The William Reese Company recently issued their 320th catalogue, this latest selection entitled Manuscripts & Archives. They range from U.S. Presidents and other notable leaders to everyday soldiers writing home from the fields of war. In terms of timing, we find a document from a British political and naval leader instrumental in setting up the Plymouth colony, to a large collection of photographs from the Vietnam War. That said, most items come from the 18th or 19th century. The bulk are American in origin, but not exclusively so. Here are a few samples of what Reese is offering.
After a not particularly satisfying stint as Washington's Secretary of State, Thomas Jefferson “retired” to his plantation at Monticello. Jefferson had been deeply involved in his new nation's revolution, being the primary author of the Declaration of Independence, and in its formation once that independence was won. But, by the end of 1793, he was weary, and turned his focus to farming, seemingly putting the burdens and intrigue of politics behind him. On September 23, 1795, Jefferson wrote a lengthy letter to his friend, Elizabeth Trist. Always deeply involved in political affairs in the past, he writes, “I read but little, take no newspapers, that I may not have the tranquility of mind disturbed by their falsehoods & follies, and I have it in contemplation next to banish pen, ink, & paper from my farm.” That was quite a statement from a voracious reader and writer like Jefferson. Of course, we all know it couldn't last. The following year, he would run for President, be elected Vice-President instead, with that followed by two terms as President. Only then would Jefferson finally retire. Item 48. Priced at $35,000.
Not all Presidents achieve the same level of greatness as Thomas Jefferson. Here is one who did not. Item 104 is a letter from John Tyler, written to Secretary of State Daniel Webster. In it, Tyler recommends a Mississippi lawyer for the post of District Attorney. The lawyer's primary qualification was that he pushed Tyler's name for the Whig candidacy for Vice-President, to which he was elected, and from which he succeeded to the office of President. Indeed, this letter was written while Tyler was Vice-President, which makes it uncommon. Just as letters from William Henry Harrison as President are scarce as he only served one month before dying in office, Tyler's term as Vice-President was equally short before he was elevated to that higher office. $4,750.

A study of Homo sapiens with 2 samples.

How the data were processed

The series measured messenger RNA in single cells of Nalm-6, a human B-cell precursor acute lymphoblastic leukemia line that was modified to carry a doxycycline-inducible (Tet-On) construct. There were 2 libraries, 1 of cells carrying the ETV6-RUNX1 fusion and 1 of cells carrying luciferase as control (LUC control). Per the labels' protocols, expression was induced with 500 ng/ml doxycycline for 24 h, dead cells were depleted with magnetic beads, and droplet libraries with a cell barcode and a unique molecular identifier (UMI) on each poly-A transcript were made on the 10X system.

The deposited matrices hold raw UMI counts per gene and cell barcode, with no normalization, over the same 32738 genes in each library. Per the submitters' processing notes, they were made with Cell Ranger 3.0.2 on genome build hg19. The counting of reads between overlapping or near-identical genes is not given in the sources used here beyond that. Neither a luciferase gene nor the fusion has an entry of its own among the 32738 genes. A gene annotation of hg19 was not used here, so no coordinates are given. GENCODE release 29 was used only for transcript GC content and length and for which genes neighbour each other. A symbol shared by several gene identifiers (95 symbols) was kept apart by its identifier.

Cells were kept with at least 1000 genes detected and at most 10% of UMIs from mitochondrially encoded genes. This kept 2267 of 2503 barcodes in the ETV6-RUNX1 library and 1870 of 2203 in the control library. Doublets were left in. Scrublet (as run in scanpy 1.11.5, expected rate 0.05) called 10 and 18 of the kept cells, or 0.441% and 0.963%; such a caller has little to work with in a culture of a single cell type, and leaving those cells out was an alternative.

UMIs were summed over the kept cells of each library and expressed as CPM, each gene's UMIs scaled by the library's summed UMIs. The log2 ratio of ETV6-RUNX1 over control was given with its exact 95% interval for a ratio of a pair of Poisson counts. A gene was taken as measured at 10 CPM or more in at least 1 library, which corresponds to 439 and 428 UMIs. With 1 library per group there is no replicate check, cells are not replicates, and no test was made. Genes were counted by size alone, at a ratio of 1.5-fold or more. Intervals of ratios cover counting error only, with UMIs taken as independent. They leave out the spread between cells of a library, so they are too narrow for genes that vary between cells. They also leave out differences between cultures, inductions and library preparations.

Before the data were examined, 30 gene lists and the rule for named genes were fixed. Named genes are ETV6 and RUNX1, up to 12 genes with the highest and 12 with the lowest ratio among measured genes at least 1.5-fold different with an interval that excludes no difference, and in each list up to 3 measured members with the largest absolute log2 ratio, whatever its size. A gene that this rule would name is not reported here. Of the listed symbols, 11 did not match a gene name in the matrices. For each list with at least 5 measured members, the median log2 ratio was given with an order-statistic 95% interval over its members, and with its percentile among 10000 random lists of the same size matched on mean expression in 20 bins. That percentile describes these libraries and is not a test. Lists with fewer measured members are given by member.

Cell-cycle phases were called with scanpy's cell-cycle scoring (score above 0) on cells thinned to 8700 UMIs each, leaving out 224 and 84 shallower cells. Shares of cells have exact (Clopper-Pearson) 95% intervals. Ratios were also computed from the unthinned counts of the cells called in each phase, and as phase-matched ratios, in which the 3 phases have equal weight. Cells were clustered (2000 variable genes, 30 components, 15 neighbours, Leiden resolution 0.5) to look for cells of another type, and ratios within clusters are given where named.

One bad President deserves another. James Buchanan spent half of his life conniving to become President. At the age of 65, he finally succeeded, and turned out to be one of the worst we ever had. He couldn't wait to leave Washington when his term ended, the nation falling apart. His last unsuccessful attempt came in 1852. Buchanan, who would finally be nominated in 1856, would vie for the Democratic nomination with Lewis Cass, the 1848 nominee, Stephen A. Douglas, who would be nominated in 1860, New York's William Marcy and several lesser candidates. In this letter to his ally, Pittsburgh Mayor David Lynch, he speaks about his two major competitors. Of Cass, he agrees with some presumably uncomplimentary comments expressed by Lynch, but discourages comments against him on Buchanan's behalf. He notes that some of Cass' supporters like him too and he does not want to do anything to antagonize them. Of Douglas, he says he is not as objectionable as Cass, though he does not approve of all of Douglas' conduct or that of his friends. In a somewhat backhanded compliment, Buchanan writes, “With a few years of good training, he would make an excellent President.” Of Winfield Scott, who would become the Whig Party nominee, Buchanan writes derisively that he says one thing in the North and another in the South (as if any national candidate at the time did not do this). Left out of Buchanan's comments is eventual nominee Franklin Pierce. No one knew he would be a contender at the time. He received no votes at the convention until the 35th ballot, and was finally selected on the 49th as a compromise when none of the leading candidates could secure enough votes to win the nomination. Item 16. $9,000.
Utah's first printing press wasn't used to print books, or pamphlets, or newspapers. It was used to print something more valuable – money. Item 106 is what is known as a “Valley Note,” in this case, one for $2.00, printed in Salt Lake City in 1849. It has the printed heading G.S.L. City, Jan, 20, 1849. The note has been signed by Brigham Young. It was also signed by Heber C. Kimball and Thomas Bullock, and was issued to Bishop N.K. Whitney. The Municipal Council decided to issue these notes for gold dust, as that currency was hard to handle, being subject to slight loss whenever used. It is believed that currency was the first item printed on the first Utah press and was first printed in January 1849. Brigham H. Young, the then 25-year-old nephew of Brigham Young, is believed to have been the printer. Item 106. $3,500.